FairPoint Deadline Passes With No Resolution
A six-year contract between FairPoint Communications and 1,700 members of the International Brotherhood of Electrical Workers and 300 members of the CWA expired at midnight Aug. 2., as the parties agreed to continue talks to forge a new agreement.
"We are committed to coming to terms with FairPoint for a contract that builds, rather than undermines, the labor-management relationship that is essential to sustained success," said Augusta, Maine., Local 2327 Business Manager Peter McLaughlin.
Desite down-to-the-wire talks and the efforts of a mediator, the parties were too far apart on issues such as health insurance costs, pensions and subcontracting of work currently performed by union members.
The IBEW believes the parties can and will reach agreement and will continue to work in a creative way to obtain a new contract.The company and the unions have agreed to proceed under the conditions of the now-expired agreement pending resolution of a new one.
"We will continue our efforts to reach a reasonable agreement that is fair to both parties," said Mike Spillane, business manager of Montpelier, Vt., Local 2326.
The talks concern FairPoint customer service employees, installation technicians and cable splicers, among others, working under IBEW agreements in Maine, Vermont and New Hampshire.
FairPoint's proposals are seeking to freeze members' pensions, weaken seniority rights, increase outsourcing, reduce health care coverage and wages and eliminate retiree health care for active employees. The company rejected the unions' last proposal, proferred on Friday.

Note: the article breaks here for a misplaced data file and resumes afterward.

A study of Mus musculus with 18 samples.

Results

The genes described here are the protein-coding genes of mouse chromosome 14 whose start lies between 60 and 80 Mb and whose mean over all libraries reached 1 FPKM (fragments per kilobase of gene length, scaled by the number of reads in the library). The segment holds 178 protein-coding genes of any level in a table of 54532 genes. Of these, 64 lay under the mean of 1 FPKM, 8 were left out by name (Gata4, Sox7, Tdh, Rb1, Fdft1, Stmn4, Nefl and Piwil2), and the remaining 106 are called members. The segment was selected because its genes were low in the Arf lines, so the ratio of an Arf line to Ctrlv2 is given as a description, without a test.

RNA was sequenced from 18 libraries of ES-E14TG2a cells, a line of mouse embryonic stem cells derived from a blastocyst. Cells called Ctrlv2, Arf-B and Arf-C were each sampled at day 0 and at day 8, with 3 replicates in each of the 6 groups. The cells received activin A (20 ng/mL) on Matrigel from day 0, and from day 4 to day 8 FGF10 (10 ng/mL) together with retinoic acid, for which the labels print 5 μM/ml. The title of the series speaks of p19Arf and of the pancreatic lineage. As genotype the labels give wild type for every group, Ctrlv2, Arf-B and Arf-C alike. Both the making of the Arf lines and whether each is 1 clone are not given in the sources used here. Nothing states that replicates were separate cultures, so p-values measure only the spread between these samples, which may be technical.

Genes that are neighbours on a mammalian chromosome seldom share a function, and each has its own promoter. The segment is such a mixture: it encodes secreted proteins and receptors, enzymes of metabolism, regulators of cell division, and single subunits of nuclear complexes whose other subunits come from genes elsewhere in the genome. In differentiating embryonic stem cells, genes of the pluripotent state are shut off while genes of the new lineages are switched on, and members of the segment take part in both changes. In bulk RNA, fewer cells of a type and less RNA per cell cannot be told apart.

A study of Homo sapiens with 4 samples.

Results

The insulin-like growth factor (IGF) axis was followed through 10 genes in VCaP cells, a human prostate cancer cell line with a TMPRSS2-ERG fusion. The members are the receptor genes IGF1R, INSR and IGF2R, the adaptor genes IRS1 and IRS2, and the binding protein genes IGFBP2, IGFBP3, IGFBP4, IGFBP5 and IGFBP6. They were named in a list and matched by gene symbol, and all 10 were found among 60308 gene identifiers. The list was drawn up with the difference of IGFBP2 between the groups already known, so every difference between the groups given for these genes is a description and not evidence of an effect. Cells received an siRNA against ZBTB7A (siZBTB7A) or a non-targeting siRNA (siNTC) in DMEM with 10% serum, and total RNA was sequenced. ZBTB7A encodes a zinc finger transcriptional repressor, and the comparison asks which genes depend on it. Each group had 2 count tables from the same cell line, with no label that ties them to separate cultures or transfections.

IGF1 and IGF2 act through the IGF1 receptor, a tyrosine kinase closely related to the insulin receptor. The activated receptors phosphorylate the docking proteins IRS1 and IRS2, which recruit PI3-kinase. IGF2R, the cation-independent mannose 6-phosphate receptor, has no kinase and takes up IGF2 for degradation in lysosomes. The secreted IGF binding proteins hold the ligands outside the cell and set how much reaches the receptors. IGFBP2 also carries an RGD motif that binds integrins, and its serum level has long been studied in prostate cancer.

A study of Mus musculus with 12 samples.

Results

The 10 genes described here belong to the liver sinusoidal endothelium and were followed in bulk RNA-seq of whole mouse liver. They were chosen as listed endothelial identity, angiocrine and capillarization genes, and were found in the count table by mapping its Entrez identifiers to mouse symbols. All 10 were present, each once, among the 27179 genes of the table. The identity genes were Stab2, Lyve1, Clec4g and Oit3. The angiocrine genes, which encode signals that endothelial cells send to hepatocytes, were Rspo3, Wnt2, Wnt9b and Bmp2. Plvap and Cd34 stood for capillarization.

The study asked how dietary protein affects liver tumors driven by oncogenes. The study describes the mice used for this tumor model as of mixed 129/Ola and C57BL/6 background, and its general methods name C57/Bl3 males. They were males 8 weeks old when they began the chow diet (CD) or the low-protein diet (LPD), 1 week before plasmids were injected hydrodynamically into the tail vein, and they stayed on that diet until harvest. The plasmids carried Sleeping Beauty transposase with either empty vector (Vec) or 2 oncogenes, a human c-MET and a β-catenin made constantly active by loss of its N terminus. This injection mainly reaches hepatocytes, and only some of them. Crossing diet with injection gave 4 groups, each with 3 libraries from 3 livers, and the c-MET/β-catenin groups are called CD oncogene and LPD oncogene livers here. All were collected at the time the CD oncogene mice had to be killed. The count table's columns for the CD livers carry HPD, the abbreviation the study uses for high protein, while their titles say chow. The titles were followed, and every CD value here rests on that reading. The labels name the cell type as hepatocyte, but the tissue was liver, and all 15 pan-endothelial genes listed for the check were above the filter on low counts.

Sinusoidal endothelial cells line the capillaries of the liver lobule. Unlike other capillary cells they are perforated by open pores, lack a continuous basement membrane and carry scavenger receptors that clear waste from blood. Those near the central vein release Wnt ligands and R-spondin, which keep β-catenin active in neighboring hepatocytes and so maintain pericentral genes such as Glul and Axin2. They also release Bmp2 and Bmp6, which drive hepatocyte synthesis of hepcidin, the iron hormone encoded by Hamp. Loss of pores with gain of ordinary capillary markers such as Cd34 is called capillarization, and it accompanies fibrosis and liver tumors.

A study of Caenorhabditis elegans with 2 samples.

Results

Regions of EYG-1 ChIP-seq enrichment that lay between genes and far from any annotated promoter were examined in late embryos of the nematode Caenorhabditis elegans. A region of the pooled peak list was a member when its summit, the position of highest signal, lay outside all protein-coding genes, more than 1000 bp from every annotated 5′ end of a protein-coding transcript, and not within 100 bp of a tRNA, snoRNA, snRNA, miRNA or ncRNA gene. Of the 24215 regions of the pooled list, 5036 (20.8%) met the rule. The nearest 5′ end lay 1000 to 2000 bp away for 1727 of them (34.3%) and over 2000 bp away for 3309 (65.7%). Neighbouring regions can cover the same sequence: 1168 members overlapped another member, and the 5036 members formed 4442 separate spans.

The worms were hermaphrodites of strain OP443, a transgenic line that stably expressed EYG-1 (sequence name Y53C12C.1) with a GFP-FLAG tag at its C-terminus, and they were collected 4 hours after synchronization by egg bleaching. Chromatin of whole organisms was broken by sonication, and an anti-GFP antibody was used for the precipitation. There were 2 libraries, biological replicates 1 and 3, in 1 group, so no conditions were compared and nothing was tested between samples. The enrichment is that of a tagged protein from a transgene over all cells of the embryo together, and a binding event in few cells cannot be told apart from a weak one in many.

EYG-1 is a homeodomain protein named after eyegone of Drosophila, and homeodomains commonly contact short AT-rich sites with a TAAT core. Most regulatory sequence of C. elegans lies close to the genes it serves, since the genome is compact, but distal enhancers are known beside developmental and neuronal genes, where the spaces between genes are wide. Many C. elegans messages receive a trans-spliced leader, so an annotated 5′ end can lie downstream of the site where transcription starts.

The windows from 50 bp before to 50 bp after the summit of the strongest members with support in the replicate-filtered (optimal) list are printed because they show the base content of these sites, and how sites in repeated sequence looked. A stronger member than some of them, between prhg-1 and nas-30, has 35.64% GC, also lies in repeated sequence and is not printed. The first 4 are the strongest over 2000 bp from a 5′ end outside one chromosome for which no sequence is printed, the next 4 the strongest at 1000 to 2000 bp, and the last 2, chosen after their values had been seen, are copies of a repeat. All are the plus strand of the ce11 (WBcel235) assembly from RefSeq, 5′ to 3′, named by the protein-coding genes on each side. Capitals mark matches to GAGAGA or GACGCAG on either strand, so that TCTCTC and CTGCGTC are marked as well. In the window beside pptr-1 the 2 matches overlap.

"We understand the challenges in the telecom industry, and we want to partner with management to find solutions and increase productivity," said Manchester, N.H., Local 2320 Business Manager Glenn Brackett.
IBEW International President Edwin D. Hill said, "We are the professionals who maintain FairPoint's 21st century network and stand ready to reacha mutually beneficial agreement in the best interests of the company, the customers and the workforce."
TheInternational Brotherhood of Electrical Workers(IBEW) represents approximately 750,000 active members and retirees who work in a wide variety of fields, including utilities, construction, telecommunications, broadcasting, manufacturing, railroads and government. The IBEW has members in both the United States and Canada and stands out among the American unions in the AFL-CIO because it is among the largest and has members in so many skilled occupations.